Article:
1. Commandante Lemming


    Discussion in 'General Writing' started by Commandante Lemming, Jun 17, 2014.

    Saw a thread just below this on using dialogue from songs and copyright - I have a related but different question. How much can a story use quotes from music WITH attribution. I use tons of musical allegories, my characters are often listening to records, quoting songs, etc. In a lot of cases I wrap the lyrics directly into the plot and quote them as a block. My chapter titles are all lyric references, and I'm even footnoting chapters with songs that inspired them.

    So I guess the question is where fair use ends and copyright becomes a potential pitfall - especially as I reference the works of a ton of different artists (my story is set in the future and all of my middle-aged characters' old records are current Top 40 hits).
     
  2. Ulramar

     

     
  4. EdFromNY

     
  5. Commandante Lemming

     
  6. EdFromNY

     
  7. GingerCoffee

     
  8. EdFromNY

     
  9. ChickenFreak


    Now, some people will allow you to use their copyrighted work if you give them credit, but that's just a part of the copyright holder's right to set the terms for use of his work, rather than something baked into copyright law. A copyright holder can say that before you can use their work you have to give them credit, give them money, wear purple shoes for a week, stand in the town square and recite a poem praising their cat--they can set whatever terms they want. But giving credit isn't part of copyright law itself, any more than the purple shoes or the cat poem are.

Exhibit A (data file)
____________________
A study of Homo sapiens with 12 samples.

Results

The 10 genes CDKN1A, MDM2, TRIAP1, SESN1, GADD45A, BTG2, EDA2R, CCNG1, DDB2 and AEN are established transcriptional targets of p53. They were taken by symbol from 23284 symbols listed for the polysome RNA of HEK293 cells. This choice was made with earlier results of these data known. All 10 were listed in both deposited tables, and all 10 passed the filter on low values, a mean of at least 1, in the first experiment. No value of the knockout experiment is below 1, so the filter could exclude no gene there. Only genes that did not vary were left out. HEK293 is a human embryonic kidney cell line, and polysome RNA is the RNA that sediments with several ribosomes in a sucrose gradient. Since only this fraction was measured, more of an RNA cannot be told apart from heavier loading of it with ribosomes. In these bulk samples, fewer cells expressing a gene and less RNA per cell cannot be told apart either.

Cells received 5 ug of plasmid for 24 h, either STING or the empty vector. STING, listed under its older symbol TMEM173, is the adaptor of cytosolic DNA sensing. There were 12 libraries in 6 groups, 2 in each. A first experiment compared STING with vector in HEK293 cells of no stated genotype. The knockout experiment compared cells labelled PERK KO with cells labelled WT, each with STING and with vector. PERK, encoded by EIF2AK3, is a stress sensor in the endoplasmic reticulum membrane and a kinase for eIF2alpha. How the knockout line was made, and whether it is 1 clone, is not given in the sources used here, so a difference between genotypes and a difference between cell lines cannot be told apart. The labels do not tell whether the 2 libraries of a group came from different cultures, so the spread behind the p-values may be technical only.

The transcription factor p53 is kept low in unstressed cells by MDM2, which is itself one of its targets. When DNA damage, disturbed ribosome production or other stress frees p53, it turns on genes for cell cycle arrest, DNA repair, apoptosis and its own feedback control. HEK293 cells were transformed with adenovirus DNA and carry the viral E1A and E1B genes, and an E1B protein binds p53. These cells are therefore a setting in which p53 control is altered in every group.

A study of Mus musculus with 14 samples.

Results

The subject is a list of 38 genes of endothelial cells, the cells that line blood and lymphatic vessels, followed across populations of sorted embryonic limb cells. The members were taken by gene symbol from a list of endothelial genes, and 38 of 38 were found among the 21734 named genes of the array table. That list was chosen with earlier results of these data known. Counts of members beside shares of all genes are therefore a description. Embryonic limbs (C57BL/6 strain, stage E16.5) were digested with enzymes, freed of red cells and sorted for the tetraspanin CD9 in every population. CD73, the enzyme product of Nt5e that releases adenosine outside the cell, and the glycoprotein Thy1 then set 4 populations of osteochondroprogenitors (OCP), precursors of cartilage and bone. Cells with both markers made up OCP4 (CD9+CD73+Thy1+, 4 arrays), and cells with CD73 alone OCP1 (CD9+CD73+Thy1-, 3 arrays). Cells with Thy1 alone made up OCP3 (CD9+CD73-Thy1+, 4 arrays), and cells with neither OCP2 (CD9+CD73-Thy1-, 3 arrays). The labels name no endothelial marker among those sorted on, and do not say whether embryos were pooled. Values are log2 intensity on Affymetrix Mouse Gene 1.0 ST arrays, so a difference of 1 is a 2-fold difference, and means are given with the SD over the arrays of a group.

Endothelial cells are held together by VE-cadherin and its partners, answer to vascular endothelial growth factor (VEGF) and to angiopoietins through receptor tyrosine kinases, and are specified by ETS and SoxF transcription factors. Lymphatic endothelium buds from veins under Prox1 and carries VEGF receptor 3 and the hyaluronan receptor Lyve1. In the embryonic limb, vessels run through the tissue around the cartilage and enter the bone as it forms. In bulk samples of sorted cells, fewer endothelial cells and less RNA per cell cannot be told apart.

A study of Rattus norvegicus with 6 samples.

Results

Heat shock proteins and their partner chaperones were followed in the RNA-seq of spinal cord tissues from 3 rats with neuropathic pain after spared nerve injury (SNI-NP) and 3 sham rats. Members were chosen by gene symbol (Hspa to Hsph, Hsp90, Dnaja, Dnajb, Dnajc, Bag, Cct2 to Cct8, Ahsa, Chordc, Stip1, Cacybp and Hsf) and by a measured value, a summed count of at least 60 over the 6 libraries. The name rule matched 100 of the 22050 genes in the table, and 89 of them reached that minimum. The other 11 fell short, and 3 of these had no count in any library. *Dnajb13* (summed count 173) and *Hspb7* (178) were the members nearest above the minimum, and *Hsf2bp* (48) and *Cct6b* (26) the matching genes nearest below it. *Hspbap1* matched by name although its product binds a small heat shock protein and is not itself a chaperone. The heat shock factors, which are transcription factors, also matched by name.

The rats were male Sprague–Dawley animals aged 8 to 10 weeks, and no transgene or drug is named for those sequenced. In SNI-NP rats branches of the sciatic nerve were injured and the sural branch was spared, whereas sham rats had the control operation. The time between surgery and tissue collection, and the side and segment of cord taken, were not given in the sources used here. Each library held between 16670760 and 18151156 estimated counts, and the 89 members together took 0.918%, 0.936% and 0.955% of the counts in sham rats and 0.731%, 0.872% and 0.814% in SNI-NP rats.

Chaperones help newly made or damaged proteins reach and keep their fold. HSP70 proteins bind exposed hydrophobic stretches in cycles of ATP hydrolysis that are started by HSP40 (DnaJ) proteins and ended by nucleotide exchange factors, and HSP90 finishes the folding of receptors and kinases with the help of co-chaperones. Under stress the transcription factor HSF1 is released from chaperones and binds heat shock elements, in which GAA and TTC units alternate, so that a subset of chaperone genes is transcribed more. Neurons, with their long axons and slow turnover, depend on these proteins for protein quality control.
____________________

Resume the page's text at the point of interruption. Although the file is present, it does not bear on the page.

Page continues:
Plagiarism is indeed about credit, but plagiarism is usually an academic or professional offense. Plagiarism and copyright violation may both come up in relation to the same work, but they are different.
     

     
  11. GingerCoffee

    Transformation (law)
    Pretty complicated, not sure it's worth it unless one wants to consult a copyright lawyer.
     
  12. ChickenFreak


    But if you're using the song for the inherent nature of the song, getting value from its value, then that's not commentary or parody. And for whatever reason, presumably the nature of music and songs, even a little bit of the song is, I believe, seen as a substantial taking. And no, I am not a lawyer.
     


    Granted, like I said, I'm nowhere close to finishing this thing. If I do, and if I get to the point of publication - then I'll look at how much money I have to pay for the fact that I've loaded my piece with pop music references.
     
  14. thirdwind

     
  15. cutecat22


    So even if you're not done yet, and (as it sounds) the lyrics and titles play a big part in your story, you might want to start enquiring now.

    Good Luck x
     
  16. cutecat22

     
  17. Commandante Lemming

     

     
  19. criticalsexualmass

     
  20. EdFromNY
     
  21. ChickenFreak


    Fair use would generally allow news reporting and some other uses of a speech, but I would suggest getting expert advice before depending on fair use.